Flows, cooperations, circles of the possible. Affective states in late socialism and post-socialist reality
The seminar will be held on Zoom (only in Polish). Registration required (open until 26.05.2021) via the application form on our website. We will e-mail the link to the meeting to registered participants. After the lecture, we are planning a discussion which will be streamed on our Facebook and YouTube channels, as well as recorded and archived on YouTube and in Resources on our website. If you don’t consent to making your image public, we ask you to keep your camera and microphone off throughout the entire event. You can send your questions on the chat. Leaving your camera and microphone on will be considered a permission to use your image impliedly. We encourage everyone to join the discussion.
The point of departure for the lecture will be the paper Flows, cooperations, circles of the possible. The anthropology of success (2019) which is an attempt at an in-depth anthropological description of grass-roots development and self-organisation processes in western Mongolia. In the text, Tomasz Rakowski presented forms of cooperation emerging among local new business communities – family, post-pastoral Torghut collectives. The key to their interpretation lies in grasping the grass-roots knowledge of local communities in relation to both the inhabitants of Mongolia, and rural communities in central Poland. The Author will present their activities – economic, social and organisational – as an example of a subversive model of development and change. It’s an image of an alternative social history, and at the same time, a different perspective on the issue of citizenship and social subjectivity, as well as a different understanding of history in the theoretical and methodological sense.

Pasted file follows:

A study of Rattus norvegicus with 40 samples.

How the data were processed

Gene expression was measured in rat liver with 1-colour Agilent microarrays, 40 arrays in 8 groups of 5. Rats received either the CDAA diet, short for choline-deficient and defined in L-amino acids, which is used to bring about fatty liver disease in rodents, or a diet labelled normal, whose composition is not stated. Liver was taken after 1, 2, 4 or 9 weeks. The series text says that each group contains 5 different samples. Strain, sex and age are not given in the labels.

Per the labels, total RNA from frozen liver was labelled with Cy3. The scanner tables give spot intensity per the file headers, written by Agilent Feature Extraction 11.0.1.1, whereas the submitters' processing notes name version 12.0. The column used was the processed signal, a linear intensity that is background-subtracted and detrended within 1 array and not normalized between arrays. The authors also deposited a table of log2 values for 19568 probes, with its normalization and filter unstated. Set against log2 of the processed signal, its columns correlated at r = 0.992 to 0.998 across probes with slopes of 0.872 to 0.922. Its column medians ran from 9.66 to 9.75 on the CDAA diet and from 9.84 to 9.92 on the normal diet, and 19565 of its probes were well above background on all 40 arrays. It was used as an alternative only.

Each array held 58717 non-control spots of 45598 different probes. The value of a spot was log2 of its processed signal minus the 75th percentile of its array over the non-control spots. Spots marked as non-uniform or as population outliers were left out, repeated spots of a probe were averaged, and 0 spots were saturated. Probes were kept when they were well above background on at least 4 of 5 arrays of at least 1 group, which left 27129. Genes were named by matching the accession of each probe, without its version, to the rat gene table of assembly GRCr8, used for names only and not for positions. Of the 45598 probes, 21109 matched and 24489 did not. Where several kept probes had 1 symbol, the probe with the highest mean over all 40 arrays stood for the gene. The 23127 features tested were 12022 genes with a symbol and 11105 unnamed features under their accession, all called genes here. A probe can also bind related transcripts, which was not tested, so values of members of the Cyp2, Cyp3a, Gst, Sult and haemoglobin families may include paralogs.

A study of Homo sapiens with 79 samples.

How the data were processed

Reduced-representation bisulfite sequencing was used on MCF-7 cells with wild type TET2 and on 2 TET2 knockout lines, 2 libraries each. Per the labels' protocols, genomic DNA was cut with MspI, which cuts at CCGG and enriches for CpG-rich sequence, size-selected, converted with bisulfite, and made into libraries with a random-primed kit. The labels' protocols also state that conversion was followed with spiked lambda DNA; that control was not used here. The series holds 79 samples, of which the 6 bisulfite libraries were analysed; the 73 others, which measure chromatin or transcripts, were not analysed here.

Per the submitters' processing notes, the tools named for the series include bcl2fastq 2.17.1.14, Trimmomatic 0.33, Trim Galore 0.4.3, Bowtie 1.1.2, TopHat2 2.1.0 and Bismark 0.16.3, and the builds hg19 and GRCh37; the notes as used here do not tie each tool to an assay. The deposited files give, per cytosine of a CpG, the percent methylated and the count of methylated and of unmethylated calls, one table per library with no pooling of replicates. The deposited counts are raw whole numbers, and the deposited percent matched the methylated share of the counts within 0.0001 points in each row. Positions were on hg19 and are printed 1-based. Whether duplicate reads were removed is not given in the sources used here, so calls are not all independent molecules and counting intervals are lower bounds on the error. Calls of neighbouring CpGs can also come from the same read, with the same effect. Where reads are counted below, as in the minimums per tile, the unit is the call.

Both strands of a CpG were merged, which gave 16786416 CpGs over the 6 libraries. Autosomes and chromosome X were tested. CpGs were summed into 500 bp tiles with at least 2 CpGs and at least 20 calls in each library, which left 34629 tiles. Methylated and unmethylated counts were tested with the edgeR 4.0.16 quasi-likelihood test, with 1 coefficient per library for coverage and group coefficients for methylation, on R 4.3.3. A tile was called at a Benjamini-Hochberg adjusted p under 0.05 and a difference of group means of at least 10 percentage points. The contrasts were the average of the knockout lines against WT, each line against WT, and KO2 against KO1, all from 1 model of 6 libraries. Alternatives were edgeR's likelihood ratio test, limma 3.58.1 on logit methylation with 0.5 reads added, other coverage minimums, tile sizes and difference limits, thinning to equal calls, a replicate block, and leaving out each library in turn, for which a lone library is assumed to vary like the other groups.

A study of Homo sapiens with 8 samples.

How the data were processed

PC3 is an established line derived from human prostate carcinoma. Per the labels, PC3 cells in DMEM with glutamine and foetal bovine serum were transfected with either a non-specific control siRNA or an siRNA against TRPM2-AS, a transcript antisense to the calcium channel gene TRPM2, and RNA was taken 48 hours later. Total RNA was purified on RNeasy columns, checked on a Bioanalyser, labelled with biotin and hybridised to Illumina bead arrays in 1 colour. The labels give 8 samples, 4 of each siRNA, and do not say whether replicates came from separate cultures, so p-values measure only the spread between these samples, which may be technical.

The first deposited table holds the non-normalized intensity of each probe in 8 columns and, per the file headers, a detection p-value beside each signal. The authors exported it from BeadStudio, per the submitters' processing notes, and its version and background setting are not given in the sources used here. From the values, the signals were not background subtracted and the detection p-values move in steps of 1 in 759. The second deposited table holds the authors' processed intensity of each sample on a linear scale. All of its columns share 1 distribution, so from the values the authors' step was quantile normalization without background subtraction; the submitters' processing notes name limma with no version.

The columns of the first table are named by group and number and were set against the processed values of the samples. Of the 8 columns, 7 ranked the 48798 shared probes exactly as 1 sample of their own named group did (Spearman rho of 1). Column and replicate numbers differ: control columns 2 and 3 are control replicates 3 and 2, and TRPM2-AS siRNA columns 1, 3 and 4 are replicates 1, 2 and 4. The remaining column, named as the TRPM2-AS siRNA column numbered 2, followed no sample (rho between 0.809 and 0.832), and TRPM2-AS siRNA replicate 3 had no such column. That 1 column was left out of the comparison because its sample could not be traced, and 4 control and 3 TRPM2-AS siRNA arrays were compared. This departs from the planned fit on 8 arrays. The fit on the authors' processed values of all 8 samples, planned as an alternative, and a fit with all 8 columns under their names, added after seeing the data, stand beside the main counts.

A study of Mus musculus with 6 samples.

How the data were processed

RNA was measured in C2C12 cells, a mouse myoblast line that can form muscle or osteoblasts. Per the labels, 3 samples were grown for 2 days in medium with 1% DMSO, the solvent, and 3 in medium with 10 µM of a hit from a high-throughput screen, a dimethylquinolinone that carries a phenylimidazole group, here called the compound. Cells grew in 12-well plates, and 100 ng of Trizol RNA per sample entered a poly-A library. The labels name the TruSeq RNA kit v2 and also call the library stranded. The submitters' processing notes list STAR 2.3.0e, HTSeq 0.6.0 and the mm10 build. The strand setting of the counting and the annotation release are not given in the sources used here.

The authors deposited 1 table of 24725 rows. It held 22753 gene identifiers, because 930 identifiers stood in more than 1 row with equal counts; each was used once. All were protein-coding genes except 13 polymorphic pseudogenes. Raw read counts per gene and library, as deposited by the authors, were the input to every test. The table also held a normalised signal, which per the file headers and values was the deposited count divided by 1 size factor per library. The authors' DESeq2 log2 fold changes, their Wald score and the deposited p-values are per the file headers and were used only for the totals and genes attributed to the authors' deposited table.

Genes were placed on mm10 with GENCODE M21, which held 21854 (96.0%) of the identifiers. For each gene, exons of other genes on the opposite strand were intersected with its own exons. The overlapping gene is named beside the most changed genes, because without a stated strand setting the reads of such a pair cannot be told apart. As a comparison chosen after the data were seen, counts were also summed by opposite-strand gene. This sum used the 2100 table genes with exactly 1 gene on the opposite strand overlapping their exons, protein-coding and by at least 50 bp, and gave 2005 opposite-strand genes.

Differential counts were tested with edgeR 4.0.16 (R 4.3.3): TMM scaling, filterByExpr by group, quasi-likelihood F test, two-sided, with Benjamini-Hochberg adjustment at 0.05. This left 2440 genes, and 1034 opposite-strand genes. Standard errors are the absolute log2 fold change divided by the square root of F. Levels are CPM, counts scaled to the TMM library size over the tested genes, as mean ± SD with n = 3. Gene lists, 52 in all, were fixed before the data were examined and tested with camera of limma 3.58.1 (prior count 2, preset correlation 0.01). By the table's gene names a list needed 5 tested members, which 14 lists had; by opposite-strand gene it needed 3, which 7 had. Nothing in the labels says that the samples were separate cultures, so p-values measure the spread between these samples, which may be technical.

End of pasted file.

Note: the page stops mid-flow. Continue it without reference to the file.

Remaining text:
The lecture will refer to the previous book by Tomasz Rakowski, Hunters, Gatherers, and Practitioners of Powerlessness. An Ethnography of the Degraded (2009) – it will be an attempt to understand how the mechanisms of the self-creation of social subjectivity are formed and function after difficult social turning points and crises, for instance, after a system transformation which brought about chaos and sudden impoverishment. It is the “Archimedean point” of this question – the attempt to understand what joint action and cooperation comprises, and what the desire to make relations informal, ambitious, para-familial, and even “elevating” entails, even if they involve risk and obliqueness. Referring to the work of Begona Aretxagi, Rakowski shows that this is a form of manufacturing the state: subjective and full of affect, a form of producing its mental and causative power. On the other hand, following the considerations of Joel Robbins, he proposes a form of anthropological attention which will be capable of capturing the processes of producing social good and a kind of “flashing” of the state and grassroots movement as doubling and developing social desires.